Fairfield Ledger
Neighbors Growing Together | Aug 15, 2018

Fairfield resident alerts community of phone scam

By Andy Hallman, Ledger news editor | May 31, 2018

A Fairfield resident who received a scam phone call wants to warn others so they don’t fall victim to the same tactic.

Ron Wilson said he received a call from someone claiming to be “Officer Jones” from the Jefferson County Law Center. The man left a message on Wilson’s phone asking him to call a number about “a legal matter.” The number the man gave was 641-819-3013.

 

Sounds convincing

“He sounded like a police officer, so I wondered if I should call back. Since it was a 641 number, I thought it was legitimate,” Wilson said. “It was an American talking for sure.”

Wilson called the number and talked to a woman who sounded like a dispatcher. She answered the phone by saying, “This is the Jefferson County Law Center. May I help you?” Wilson told her of the message he received, and the woman then transferred the call to “Officer Jones.”

The man asked Wilson for his name, which Wilson gave. The man said, “Is this Ronald S. Wilson?” which is in fact Wilson’s middle initial. The man asked for Wilson’s address and Social Security number, which Wilson gave.

The man told Wilson, “We have to serve a warrant for your arrest for failure to show up for jury selection.” He said the Jefferson County Courthouse sent out letters a few weeks prior, and Wilson was on the list of people who failed to appear.

“I told him I never received a letter for jury selection,” Wilson said. “He said, ‘Yes, I’m sorry about that. These letters were not sent out by certified mail, and sometimes the post office can make a mistake, but we still have to serve this warrant on you.’”

The man said an officer would appear at Wilson’s house to arrest him within 24 hours. Wilson said he would rather continue the conversation in person at the law center. The man said that, if Wilson appeared at the law center, officers would have to arrest him immediately.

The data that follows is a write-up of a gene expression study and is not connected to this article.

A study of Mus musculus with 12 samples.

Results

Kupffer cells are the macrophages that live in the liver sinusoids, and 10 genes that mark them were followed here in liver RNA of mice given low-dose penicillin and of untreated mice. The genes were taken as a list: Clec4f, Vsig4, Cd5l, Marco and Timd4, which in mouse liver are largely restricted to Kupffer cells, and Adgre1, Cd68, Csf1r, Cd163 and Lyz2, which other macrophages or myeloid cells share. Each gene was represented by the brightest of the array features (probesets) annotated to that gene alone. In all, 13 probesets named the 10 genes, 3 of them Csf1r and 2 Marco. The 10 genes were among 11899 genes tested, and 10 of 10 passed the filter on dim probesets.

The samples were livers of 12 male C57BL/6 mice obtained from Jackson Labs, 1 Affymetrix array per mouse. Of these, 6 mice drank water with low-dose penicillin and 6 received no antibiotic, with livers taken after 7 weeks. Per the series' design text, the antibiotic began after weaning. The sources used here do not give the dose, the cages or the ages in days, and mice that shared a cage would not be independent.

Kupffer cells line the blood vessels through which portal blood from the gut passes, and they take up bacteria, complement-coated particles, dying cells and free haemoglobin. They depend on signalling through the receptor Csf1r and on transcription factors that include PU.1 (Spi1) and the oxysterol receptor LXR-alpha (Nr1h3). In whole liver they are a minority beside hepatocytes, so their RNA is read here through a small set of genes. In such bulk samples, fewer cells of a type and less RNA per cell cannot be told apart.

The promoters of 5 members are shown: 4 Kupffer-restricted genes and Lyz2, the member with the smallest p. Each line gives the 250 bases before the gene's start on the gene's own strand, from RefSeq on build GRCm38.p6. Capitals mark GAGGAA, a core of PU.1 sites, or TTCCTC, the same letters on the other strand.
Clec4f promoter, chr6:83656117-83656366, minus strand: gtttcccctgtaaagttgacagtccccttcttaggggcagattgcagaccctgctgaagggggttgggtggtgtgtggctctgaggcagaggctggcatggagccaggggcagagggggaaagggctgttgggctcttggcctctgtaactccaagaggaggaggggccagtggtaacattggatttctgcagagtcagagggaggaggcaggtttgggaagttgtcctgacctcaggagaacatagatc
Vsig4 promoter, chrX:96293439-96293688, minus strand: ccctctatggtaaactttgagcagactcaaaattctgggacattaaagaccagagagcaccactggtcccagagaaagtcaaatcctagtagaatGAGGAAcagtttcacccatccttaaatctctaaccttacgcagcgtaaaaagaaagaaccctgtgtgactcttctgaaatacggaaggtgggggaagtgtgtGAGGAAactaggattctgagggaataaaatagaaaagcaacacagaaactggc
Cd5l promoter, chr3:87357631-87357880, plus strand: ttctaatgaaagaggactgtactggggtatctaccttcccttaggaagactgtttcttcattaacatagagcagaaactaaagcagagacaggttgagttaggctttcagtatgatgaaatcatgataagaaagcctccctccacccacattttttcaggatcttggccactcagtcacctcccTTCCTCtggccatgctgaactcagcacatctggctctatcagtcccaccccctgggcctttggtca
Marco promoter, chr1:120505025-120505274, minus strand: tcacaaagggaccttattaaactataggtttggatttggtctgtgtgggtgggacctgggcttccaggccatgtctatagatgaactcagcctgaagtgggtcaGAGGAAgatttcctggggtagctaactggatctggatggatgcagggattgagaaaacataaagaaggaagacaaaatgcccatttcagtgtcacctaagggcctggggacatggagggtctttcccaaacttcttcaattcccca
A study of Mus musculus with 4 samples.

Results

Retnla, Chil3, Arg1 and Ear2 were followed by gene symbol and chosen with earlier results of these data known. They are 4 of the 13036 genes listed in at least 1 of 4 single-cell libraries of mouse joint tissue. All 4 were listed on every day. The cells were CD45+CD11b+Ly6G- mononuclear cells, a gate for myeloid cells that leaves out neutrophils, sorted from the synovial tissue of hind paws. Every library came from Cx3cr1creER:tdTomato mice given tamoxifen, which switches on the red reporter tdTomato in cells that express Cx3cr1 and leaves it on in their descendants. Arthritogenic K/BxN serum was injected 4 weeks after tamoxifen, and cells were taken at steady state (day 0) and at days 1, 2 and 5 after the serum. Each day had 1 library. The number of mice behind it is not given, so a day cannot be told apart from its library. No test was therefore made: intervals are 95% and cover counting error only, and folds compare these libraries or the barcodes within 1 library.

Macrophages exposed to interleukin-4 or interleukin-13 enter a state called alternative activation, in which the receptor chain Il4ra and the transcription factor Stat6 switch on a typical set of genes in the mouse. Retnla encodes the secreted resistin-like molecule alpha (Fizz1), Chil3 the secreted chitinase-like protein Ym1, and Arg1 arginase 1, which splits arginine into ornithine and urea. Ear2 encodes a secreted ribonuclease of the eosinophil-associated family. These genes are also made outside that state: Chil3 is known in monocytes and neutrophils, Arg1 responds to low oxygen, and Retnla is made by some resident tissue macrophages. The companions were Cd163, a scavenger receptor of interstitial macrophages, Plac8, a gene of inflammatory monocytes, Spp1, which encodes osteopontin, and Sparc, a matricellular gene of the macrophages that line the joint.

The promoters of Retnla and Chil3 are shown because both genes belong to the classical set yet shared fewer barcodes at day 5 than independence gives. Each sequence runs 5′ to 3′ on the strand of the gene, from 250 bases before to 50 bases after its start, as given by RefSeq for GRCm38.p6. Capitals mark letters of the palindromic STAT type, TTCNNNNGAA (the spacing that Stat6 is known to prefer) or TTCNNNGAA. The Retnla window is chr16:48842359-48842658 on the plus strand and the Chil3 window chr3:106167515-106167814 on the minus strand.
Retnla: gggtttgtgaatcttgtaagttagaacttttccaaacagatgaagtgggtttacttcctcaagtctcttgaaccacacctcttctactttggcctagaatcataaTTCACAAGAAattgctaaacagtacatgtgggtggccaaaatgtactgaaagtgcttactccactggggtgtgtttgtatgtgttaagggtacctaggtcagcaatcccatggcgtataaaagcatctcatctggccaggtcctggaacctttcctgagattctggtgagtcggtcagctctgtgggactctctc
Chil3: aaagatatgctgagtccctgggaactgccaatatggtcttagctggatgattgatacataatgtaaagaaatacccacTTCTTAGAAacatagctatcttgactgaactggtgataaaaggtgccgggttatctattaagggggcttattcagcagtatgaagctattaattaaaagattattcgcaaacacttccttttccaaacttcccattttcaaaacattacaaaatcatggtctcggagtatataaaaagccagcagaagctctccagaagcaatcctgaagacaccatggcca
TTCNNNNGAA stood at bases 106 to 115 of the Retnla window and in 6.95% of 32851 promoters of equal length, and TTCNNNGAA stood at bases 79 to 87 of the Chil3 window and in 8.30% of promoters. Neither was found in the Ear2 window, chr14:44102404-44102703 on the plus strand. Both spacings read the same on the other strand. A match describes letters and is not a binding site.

Asking for money

The man gave Wilson three options: to be arrested at the law center, to be arrested at his house, or “rectify the situation” by posting bond, for which he would be refunded when he appeared in court, or so he was told. The man said the bond would be $623.50. Wilson told the man he would post the bond.

The man instructed Wilson to call him back using a cell phone instead of a landline.

“At that point, I was starting to get suspicious,” Wilson said. “I was wondering why he would need me to call on my cell phone. The other thing was that when he talked about not everyone receiving a letter, he sounded less professional.”

Wilson hung up and searched for the Jefferson County Law Center’s number in the phone book. He said he spoke to the sheriff about the matter, and gave him the number that the man had given him earlier. The sheriff told him that was the wrong number and that it was a scam call.

Wilson said this is not the first scam call he has received. He received one a few years ago when he was informed he had won a $1 million award from Random House Publishing. He said it’s hard to track down the scammers because they frequently change the numbers they use.

“I’d like people to know about this so they don’t get scammed,” Wilson said. “The bad part is that they got my Social Security number. The man sounded so much like a police officer, and the woman sounded so much like a dispatcher, and they had me convinced for a few minutes this was real.”

 

Jury summons

Jenni Nelson, clerk of court for Wapello, Jefferson and Van Buren counties, said her office would never ask for personal information over the phone.

The initial contact between the court and the public regarding jury duty comes in the form of a summons sent through the mail. It does not ask residents for their Social Security number, just their name, address, date of birth and information pertinent to a jury trial, such as whether they have been convicted of a crime.

“The only time we’d ever call is if we had a jury trial set and a person failed to appear,” Nelson said.

Jury summons are mailed first-class from the Jefferson County Clerk of Court. Summons are sent to residents randomly using several databases of people in the county who own property, have a driver’s license, have registered a vehicle, etc. Those who don’t reside in the county are ineligible to serve on a jury here.

“You just have to indicate that you don’t reside here, and we’ll take you off the list,” Nelson said.

If someone fails to appear for jury duty, the clerk of court sends them a letter informing them of their absence. If they fail to appear multiple times, they may be asked to serve multiple terms of jury duty and are subject to being held in contempt of court.

“Normally, we give people the benefit of the doubt and send them a letter in the mail, but we could file a contempt action against them,” Nelson said. “If we were to file that, it would be served by the sheriff. The sheriff would take the paperwork to their house and tell them they had a certain number of days to respond to the contempt action.”